Some experts had said such a draconian move would restrict councils' ability to shed staff to meet tight budgets.
Instead, advisory group members say the commission's report, due by November, will promote a national system to help decision makers calculate the full cost.
The report is a response to concern about the high cost to council pension funds of large numbers of early retirements.
But Peter Scales, chief executive of the London Pensions Authority and a member of the advisory panel consulted by the commission, said the report was wrong.
'It will probably recommend that [councils] consider up-front payments, but the biggest issue is that the costs are made known to people making the decision.
ÒIf early retirements are funded up front that comes off council tax payers . . . My view of the principles of pensions is that you fund things over a period of years when you make people redundant.'
He confirmed early retirement was the norm at councils, with only 20% of staff retiring after 40 years' service, but stressed that did not differ from other sectors.
He said the figure of£3.8bn was meaningless as it was extrapolated from an extreme sample, included costs that would have been paid anyway to normal retirees, and ignored savings made.
Another advisory group member, Kent CC human resources manager Gordon Brown, said proposals for up-front reimbursements had never been a firm recommendation, and would be too restrictive on councils' management practices. The study is focusing on ensuring that full costs are known throughout the authority, and the commission would promote a nationally agreed format for calculating the cost.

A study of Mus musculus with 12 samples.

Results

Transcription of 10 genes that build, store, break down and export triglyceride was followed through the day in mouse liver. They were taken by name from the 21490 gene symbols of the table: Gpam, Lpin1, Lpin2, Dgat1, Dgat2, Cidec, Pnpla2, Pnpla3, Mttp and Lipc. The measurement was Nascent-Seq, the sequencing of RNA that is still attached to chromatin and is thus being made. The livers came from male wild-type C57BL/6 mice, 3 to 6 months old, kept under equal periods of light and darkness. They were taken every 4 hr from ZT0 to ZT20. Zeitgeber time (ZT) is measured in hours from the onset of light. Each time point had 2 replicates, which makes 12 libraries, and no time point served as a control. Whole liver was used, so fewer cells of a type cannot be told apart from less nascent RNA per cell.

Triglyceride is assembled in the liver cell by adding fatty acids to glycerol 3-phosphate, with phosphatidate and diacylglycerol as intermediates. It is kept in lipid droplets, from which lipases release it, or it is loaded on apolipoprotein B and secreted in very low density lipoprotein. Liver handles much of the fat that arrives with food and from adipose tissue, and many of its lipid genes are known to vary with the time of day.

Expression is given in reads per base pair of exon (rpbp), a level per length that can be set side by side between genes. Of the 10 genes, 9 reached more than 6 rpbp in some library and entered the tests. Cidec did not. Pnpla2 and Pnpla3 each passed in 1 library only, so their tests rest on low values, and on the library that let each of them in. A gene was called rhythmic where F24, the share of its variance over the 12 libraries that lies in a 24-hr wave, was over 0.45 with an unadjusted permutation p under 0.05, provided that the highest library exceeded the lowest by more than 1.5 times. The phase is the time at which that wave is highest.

'The Audit Commission view is that they will provide such formats agreed by professional associations and I support that fully,' he said.
Earlier this year the UK Steering Committee on council pensions advised local authorities to urgently consider lump sum payments from the department concerned to cover the strain on their funds of early retirements.
One council to adopt the measure, Essex CC, saw early retirements drop by two-thirds as a result. However, the policy has not proved popular with most other councils.
Most English and Welsh local government pension funds are underfunded. The abolition of advance tax credits on funds' UK dividend income announced in the June Budget is expected to compound the problem.